Screening
Dates: Friday, October 23, 10 a.m. PT–Tuesday, October 27, 2020, 10 p.m. PT

Conversation
Date: Monday, October 26, 2020
Time: 5:00 p.m. PT

Conversation recorded via Zoom.

For 35 years, artists Antoni Muntadas and Marshall Reese have collected presidential campaign television ads. And every election year, they release their updated anthology. Played in chronological order and without commentary, the ads become a chorus of the nation's patriotism, partisanship, and fear. Their latest iteration, Political Advertisement X: 1952–2020 will make its North American debut on October 23–27, available as a limited-run online screening event. On Monday, October 26, join the artists in conversation with Tanya Zimbardo, assistant curator of media arts at the San Francisco Museum of Modern Art.

North American Premiere is co-presented with Minnesota Street Project.

This program complements the upcoming exhibition In Focus: Protest.

 Still from Political Advertisement X, 1952–2020, 1984–2020, edited by Muntadas and Reese
 


About Political Advertisement X 1952–2020

This year marks Muntadas and Reese's tenth edition of Political Advertisement. They began the work in 1984, collecting campaign ads from incumbent President Ronald Reagan and Democrat former Vice President Walter Mondale. Today, the film spans the 1950s all the way to the 2020 election.

Surveying the American campaign process from Dwight D. Eisenhower to Donald J. Trump, Muntadas and Reese trace the history of ads as political strategy and marketing technique. They write, "Democracy is under threat on multiple levels today – from dark money donations that push for interests favoring the wealthy and corporations; from technologies of persuasion, Facebook, Twitter, Google and YouTube that have overtaken and reshaped the media landscape; to the even more mortal danger in 2020 that is the Coronavirus."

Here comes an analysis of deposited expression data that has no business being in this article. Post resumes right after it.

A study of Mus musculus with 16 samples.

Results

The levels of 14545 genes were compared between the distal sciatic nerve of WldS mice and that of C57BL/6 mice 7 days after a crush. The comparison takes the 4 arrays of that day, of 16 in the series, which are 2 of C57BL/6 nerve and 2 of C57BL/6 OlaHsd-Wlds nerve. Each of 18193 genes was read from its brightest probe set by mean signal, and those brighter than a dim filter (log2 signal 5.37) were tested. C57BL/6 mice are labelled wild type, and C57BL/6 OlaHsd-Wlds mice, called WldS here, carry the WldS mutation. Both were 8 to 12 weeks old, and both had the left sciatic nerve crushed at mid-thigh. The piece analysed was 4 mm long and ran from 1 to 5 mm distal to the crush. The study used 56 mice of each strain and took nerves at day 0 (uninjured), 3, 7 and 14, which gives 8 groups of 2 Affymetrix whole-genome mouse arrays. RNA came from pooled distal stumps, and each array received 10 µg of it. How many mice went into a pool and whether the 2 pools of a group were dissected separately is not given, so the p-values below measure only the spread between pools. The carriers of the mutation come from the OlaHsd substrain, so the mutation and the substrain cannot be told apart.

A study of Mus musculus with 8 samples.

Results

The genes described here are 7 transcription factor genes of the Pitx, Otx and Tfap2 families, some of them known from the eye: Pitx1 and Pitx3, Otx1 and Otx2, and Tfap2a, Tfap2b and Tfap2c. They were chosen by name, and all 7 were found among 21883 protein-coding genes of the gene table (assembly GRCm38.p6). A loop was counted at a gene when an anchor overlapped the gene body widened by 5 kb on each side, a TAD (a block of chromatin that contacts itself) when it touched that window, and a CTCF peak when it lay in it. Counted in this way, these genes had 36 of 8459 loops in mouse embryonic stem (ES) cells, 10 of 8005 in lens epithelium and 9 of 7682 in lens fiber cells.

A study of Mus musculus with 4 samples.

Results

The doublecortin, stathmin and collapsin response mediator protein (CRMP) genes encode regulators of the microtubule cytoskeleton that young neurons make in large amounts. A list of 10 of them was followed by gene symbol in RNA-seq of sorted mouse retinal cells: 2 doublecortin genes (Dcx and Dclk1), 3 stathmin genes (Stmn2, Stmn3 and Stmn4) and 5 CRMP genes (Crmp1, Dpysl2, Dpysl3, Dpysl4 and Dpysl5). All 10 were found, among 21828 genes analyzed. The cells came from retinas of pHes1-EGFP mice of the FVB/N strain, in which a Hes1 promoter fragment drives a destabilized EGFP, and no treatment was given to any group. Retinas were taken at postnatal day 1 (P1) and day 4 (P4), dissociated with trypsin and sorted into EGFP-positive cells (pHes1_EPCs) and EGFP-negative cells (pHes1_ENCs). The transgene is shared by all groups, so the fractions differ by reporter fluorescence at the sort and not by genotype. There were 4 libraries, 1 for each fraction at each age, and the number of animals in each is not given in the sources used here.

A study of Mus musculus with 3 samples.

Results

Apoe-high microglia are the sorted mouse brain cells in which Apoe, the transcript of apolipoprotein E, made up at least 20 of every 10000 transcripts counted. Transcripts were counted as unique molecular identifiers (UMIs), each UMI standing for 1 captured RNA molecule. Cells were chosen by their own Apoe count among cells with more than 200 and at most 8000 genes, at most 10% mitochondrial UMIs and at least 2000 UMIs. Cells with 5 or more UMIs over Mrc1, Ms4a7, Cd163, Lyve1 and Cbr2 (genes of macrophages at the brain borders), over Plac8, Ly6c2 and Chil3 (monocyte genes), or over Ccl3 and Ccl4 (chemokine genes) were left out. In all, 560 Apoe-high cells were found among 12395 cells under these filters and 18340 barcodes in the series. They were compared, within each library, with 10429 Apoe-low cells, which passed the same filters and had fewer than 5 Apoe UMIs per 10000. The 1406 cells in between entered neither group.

Political Advertisement X 1952–2020 is approximately 97 minutes long.

About the Artists

Antoni Muntadas was born in Barcelona in 1942 and has lived in New York since 1971. His work addresses social, political, and communications issues; the relationship between public and private space within social frameworks; as well as channels of information and the ways they may be used to censor central information or promulgate ideas. He works on projects in a variety of mediums including photography, video, and multimedia installations. Since 1995, Muntadas has grouped together a set of works and projects titled On Translation, emphasizing issues of interpretation, transcription, and cultural translation. The series' content, dimensions, and materials are variable, and focus on the author's personal experience and artistic activity in numerous countries. His most recent projects are Asian Protocols—exploring similarities, differences, and conflicts between Korea, Japan, and China—and the new series The Construction of Fear.

Marshall Reese is a Brooklyn-based artist working in various media including video, digital, custom hardware and software, and temporary public art events. Since the mid 1980s he has collaborated with Nora Ligorano as LigoranoReese. Their work is an ongoing investigation into the impact of technology on society and the rhetoric of politics and visual culture in the media. LigoranoReese has presented seven site-specific public works at U.S. political conventions, focusing on climate and political issues. In June 2020, they launched their most ambitious public art work yet The School of Good Citizenship in Charlotte, North Carolina, coinciding with the Republican Convention. The project included over 200 artists, photographers, singers, poets, and filmmakers.